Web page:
NEW YORK (July 2): Wall Street bounced back to a sharply higher close in light trading on Friday as investors embarked on the second half of the year ahead of the long holiday weekend.
All three major U.S. stock indexes reversed early losses to end in well into positive territory in the wake of the stock market's worst first half in decades.
Still, all three indexes posted losses for the week.
"We're headed into the holiday weekend and having a late-day relief rally," said Joseph Sroka, chief investment officer at NovaPoint in Atlanta. "But we’ll likely have to wait until investors return from the holiday weekend to see if it’s sustainable at the start of the new quarter."
Market participants now look to the second-quarter earnings season, the Labor Department's June employment report, and the Federal Reserve's monetary policy meeting expected later in July.
The microchip sector dropped sharply after Micron Technology Inc warned of cooling demand.
Micron's shares slid 2.9%, pulling the Philadelphia SE Semiconductor index down 3.8%.
Worries over waning demand in the face of decades-high inflation were reflected in the Institute for Supply Management's (ISM) purchasing managers' index, which showed a deceleration in both new orders input prices.
ISM's report seemed to back the view that the economy is cooling and inflation appears to be past its peak. This has raised the possibility that the Fed might have wiggle room for a dovish pivot after its second straight 75 basis point interest rate hike expected in July.
"The Fed is going to need to see a lot more evidence to change its mind about further continued interest rate hikes," said Tim Ghriskey, senior portfolio strategist Ingalls & Snyder in New York. "There’s still a lot of uncertainty about the economy and inflation despite early signs that inflation may have peaked."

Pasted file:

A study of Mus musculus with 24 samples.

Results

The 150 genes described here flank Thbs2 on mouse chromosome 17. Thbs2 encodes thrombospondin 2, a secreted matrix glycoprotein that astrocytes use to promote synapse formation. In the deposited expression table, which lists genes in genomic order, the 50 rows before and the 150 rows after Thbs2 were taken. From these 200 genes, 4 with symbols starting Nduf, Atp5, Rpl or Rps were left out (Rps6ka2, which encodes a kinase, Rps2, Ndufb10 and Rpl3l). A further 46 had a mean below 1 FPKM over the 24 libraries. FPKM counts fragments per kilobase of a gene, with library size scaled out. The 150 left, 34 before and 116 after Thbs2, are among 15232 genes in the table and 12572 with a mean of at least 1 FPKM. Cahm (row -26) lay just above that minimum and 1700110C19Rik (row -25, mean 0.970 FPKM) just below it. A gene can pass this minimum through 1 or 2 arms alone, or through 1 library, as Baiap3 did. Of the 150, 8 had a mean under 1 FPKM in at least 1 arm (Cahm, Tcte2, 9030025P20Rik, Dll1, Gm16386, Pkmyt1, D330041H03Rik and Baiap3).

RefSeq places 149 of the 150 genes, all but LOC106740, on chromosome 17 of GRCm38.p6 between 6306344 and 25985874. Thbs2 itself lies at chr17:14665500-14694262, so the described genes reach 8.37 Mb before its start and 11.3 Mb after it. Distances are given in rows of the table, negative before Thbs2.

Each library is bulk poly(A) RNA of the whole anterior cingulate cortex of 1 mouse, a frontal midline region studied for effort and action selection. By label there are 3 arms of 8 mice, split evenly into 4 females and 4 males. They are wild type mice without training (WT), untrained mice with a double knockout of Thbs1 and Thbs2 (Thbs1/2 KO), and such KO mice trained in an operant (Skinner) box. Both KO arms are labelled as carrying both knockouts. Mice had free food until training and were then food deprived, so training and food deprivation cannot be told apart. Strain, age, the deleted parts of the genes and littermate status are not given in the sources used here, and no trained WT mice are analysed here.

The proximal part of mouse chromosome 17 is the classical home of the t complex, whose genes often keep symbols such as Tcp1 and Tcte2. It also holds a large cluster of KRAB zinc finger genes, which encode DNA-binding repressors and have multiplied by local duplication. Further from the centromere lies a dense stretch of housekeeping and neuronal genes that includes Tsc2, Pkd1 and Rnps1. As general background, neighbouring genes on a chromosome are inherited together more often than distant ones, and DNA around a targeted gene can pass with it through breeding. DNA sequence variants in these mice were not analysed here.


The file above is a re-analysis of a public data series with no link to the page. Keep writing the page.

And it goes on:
The Dow Jones Industrial Average rose 321.83 points, or 1.05%, to 31,097.26, the S&P 500 gained 39.95 points, or 1.06%, to 3,825.33 and the Nasdaq Composite added 99.11 points, or 0.90%, to 11,127.85.
All 11 major sectors of the S&P 500 ended the session green, with utilities enjoying the largest percentage gain.
Second-quarter reporting season begins in several weeks, and 130 of the companies in the S&P 500 have pre-announced. Of those, 45 have been positive and 77 have been negative, a weaker negative/positive ratio than a year ago, according to Refinitiv data.
The prospect of profit margins taking a hit from bruising inflation and waning consumer demand will have market participants listening closely to forward guidance.
Analysts now expect aggregate second-quarter S&P 500 earnings growth of 5.6%, down from the 6.8% projected at the beginning of the quarter, per Refinitiv.
Department store chain Kohl's Corp shares tumbled 19.6% following its decision to halt talks of a possible sale to Franchise Group.
Advancing issues outnumbered declining ones on the NYSE by a 2.77-to-1 ratio; on Nasdaq, a 1.57-to-1 ratio favored advancers.
The S&P 500 posted one new 52-week high and 48 new lows; the Nasdaq Composite recorded 12 new highs and 219 new lows.
Volume on U.S. exchanges was 11.01 billion shares, compared with the 12.88 billion average over the last 20 trading days.